Oral hygiene is just as important in infants as it is in older children.

When do you start brushing their teeth, what toothpaste do you use - or not use - and how do you prevent decay? Follow these tips from paedodontist Dr. Terry Teo from Q&M dental.


2. Establishing consistency while he or she is very young is key. Your little one may struggle and dislike the feeling of having his or her mouth wiped, but perseverance will pay off later.

3. When is a good time to introduce the toothbrush? At around 6 months of age, when your infant’s first lower front tooth should erupt. Introduce the smallest, softest toothbrush you can find. Gently brush his or her first teeth with it, in addition to using a soft cloth to wipe the rest of the gums.

4. Once your child is a year old, refrain from using the soft cloth and only use an ageappropriate, manual toothbrush, as this is shown to be the most effective at removing plaque from a tooth’s surface. At this juncture, your child should be comfortable enough to accept daily brushing if you have consistently practised good oral cleaning habits.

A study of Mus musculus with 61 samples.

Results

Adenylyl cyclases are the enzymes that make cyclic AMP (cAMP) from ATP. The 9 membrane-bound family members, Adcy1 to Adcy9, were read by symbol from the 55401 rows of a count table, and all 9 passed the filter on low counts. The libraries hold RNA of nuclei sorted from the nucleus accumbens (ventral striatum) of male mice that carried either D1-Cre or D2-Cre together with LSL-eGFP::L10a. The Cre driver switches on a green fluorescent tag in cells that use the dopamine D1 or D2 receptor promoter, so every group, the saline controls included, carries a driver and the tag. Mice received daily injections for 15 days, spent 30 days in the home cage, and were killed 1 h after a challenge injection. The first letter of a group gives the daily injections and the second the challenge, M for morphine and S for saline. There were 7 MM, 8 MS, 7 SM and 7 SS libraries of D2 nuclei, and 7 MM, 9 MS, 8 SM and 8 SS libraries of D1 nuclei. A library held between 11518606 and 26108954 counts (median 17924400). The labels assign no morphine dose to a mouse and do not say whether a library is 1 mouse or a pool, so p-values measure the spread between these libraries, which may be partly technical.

5. But the question is: Toothpaste, or nah? Until the age of 1, water alone is sufficient.

6. From age 1 onwards, you should assess your toddler’s risk of early childhood dental decay with a paediatric dentist. This is necessary because he or she will begin to experience significant dietary changes and the eruption of multiple teeth. If he or she has no significant risk of tooth decay, you can continue brushing with water or introduce an infant toothpaste that is safe to swallow. Should there be a risk of dental decay, fluoride-containing toothpastes may be recommended instead.

7. Supervised brushing twice daily with toothpaste should be the mainstay of oral health in children before the age of 2.